Kelly Clarkson ‘Expected Our Generation to Accomplish More’

By Jase Peeples

Originally published: The Advocate 3/3/15

She’s sold more than 20 million albums, performed concerts in packed stadiums around the world, and won numerous awards, including three Grammys. Yet, for all her achievements, Kelly Clarkson exudes the same humble demeanor of the young girl who burst into tears singing “A Moment Like This” minutes after being crowned the first American Idol in 2002.

“I’m still surprised to see people follow me,” she says without hesitation when I ask if she was surprised to find she had a substantial LGBT following from the earliest days of her career. “It doesn’t matter if they’re gay or straight. Shoot, I’m still surprised sometimes that I even made it. I’m just glad there are people out there liking my stuff.”

Since becoming the original American Idol, Clarkson has become a global super-star in her own right. But the 32-year-old Texas native says she was unaware her fans from somewhere over the rainbow had adopted her as an icon until a few friends clued her in after the release of her second album, the rock-influenced Breakaway.

“I have several gay and lesbian friends who dig my music and one of my favorite moments was when they told me, ‘You’re like our new diva!’” she says with a laugh. “At first I was confused because I thought being a ‘diva’ was a negative. So they explained it to me and said, ‘No. It’s because you can sing and you’re ballsy.’ I remember thinking, Oh, hell yeah. OK, I’ll be that girl.

Over the years, Clarkson has been “that girl” many times over, regularly speaking out in support of LGBT civil rights, producing a steady stream of tracks ripe for adoption as gay anthems — such as “Breakaway,” “People Like Us,” and “Stronger” — while featuring same-sex couples in music videos like “Tie It Up” and her latest single, “Heartbeat Song.” However, Clarkson says she was as surprised as anyone else when one of the young men from the real-life gay couple who appear in her most recent video got down on bended knee.


Shots of the couple (pictured left) kissing and flashing engagement rings seconds after their happy moment took place are prominently featured in the video. Clarkson says she couldn’t think of a better way to mark the debut of her seventh studio album, Piece by Piece. “I’ll always remember this video and what a special thing it was for his boyfriend to choose that moment and what a statement it is for the gay community,” she says.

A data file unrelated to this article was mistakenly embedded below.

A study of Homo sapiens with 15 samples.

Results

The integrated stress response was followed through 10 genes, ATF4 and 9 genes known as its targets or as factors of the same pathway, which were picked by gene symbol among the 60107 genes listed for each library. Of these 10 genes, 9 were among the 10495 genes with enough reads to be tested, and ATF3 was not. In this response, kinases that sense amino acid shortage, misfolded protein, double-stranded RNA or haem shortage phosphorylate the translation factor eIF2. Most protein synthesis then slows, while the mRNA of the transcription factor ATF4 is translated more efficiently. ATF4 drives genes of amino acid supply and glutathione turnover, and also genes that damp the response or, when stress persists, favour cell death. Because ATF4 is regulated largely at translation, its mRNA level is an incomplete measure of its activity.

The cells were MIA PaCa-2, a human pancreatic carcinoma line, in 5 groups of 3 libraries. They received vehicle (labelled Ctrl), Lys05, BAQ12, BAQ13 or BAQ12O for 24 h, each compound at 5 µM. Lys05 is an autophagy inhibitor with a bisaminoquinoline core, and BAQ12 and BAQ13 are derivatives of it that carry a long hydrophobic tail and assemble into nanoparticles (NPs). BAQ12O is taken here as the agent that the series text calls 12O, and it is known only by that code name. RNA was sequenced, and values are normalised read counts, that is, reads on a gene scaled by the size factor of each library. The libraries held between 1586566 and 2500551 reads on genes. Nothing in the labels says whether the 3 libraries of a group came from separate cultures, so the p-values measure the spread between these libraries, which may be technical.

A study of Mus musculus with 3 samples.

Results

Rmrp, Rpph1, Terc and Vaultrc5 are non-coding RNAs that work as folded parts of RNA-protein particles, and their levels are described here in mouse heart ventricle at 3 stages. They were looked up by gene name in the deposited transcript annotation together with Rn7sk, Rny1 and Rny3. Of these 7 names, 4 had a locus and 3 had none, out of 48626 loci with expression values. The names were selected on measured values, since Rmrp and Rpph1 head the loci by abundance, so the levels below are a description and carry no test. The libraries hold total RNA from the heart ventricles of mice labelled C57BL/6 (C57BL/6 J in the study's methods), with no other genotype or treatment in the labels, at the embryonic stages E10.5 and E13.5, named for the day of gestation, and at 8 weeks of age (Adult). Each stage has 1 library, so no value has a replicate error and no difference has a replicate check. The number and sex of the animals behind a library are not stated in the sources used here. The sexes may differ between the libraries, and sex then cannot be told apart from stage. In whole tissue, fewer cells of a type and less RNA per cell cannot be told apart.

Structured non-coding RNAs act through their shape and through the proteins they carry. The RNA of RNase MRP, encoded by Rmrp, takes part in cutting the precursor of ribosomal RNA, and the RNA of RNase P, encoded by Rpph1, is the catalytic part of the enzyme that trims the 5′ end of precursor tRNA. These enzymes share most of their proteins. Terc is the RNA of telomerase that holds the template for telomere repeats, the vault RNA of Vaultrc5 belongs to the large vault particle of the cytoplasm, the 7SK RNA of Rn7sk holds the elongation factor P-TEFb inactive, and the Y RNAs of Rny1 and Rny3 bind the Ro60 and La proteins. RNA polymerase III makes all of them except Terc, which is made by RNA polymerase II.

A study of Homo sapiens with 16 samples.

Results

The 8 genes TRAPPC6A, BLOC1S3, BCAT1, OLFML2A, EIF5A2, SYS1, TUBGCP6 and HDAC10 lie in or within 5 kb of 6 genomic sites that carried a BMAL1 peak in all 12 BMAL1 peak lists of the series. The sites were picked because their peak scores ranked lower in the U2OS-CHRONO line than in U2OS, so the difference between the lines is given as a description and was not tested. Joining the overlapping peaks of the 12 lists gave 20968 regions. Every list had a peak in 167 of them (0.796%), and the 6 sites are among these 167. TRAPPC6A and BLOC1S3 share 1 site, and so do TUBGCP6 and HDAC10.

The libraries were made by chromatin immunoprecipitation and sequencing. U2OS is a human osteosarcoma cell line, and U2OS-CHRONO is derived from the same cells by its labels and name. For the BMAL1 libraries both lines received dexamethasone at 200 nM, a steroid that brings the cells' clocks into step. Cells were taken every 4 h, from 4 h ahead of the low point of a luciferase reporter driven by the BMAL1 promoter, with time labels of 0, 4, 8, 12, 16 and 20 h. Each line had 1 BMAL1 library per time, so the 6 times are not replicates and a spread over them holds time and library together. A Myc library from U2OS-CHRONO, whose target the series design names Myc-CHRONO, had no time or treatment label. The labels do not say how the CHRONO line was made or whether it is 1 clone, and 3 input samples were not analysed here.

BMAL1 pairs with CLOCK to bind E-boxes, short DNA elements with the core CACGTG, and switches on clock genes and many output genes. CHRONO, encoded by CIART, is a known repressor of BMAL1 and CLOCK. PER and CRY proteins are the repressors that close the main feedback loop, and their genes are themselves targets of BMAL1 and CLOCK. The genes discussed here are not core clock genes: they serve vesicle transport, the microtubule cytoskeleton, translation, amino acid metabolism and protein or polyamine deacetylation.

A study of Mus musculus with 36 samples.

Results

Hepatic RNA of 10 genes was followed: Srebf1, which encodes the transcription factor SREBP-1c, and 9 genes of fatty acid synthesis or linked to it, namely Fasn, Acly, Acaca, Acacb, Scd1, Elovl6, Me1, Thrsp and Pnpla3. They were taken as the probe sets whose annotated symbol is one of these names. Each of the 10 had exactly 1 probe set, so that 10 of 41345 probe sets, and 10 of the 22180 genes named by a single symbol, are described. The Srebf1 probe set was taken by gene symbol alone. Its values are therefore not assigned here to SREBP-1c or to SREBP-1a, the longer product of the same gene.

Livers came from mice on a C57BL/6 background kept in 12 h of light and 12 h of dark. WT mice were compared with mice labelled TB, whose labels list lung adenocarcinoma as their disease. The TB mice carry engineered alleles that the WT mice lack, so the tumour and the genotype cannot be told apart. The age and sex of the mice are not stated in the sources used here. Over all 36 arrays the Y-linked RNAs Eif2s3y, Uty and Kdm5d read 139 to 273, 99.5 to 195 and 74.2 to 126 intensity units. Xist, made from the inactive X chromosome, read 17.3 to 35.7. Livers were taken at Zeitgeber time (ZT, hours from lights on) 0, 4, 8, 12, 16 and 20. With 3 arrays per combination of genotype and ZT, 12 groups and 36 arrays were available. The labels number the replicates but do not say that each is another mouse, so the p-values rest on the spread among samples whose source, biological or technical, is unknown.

As happy as she is to see same-sex couples are winning the fight for the right to say “I do,” throughout the country, Clarkson doesn’t hold back when she talks about the current state of civil rights in America.

“I’m so sad for society because I thought by this point we’d be past race issues and gay and lesbian issues,” she says as her usual bubbly Southern drawl takes on a fiery tone. “I was always taught that differences are great and should be revered and welcomed. It’s sad to me that people are taught to think differently. I can’t even wrap my head around it. Someone treating someone differently because of the color of their skin or because a man likes a man — I think that’s so absurd. It upsets me. That’s why I wrote the song ‘I Had a Dream’ on this new album, because when I was a kid, I expected our generation to accomplish more, be better than we are, and be further than we are. I thought we’d be a stronger society by now.”

How does Clarkson respond to those who claim singers should steer clear of social issues?


She points to Common and John Legend’s performance of “Glory” from the film Selma at the 2015 Academy Awards as a prime example. She says she was especially touched when Legend — who teamed up with Clarkson for a cover of Tokio Hotel’s “Run Run Run” on her new album — took home an Oscar along with Common for the song that evening. “I was so glad to see someone like him get the kind of respect they deserve and have been working really hard for,” she says. “Sometimes, in this industry, I feel like I’m at the Capitol in The Hunger Games and I just don’t fit in. But then there are those times you form friendships with like-minded artists that you actually have found common ground with. John is one of those people. He’s just so grounded and I was happy we had the chance to record together.”

“And now I get to say I’ve got an Oscar winner on my album,” she jokes.


In addition to her support of civil rights, Clarkson has taken on a number of philanthropic endeavors throughout her career, including work with charities ranging from Houses of Hope, which builds orphanages and assists children in South Africa who have been affected by HIV and AIDS, to organizations such as Live Earth, which promote environmental awareness about climate change. Her passion to leave the world in better shape than she found it is a drive Clarkson says has only increased since beginning a family of her own. The singer married Brandon Blackstock in 2013, becoming an instant stepmother to his son and daughter from a previous marriage in the process, and the couple welcomed their first daughter together in June of last year. “I think being a mother has made me more passionate and vulnerable,” she says. “It’s very freeing when you become a part of a family unit like I now am a part of. Something that loving and supportive — when you become a part of something that grounding, you feel like you can conquer the world.”

She notes that feeling is another reason she’ll never stop fighting for LGBT equality and the rights of families with same-sex parents. “You feel like you can do anything when you have this amazing support system. It’s such a beautiful and freeing moment when you find that kind of true love and it’s only made me stronger as a woman and as an artist.”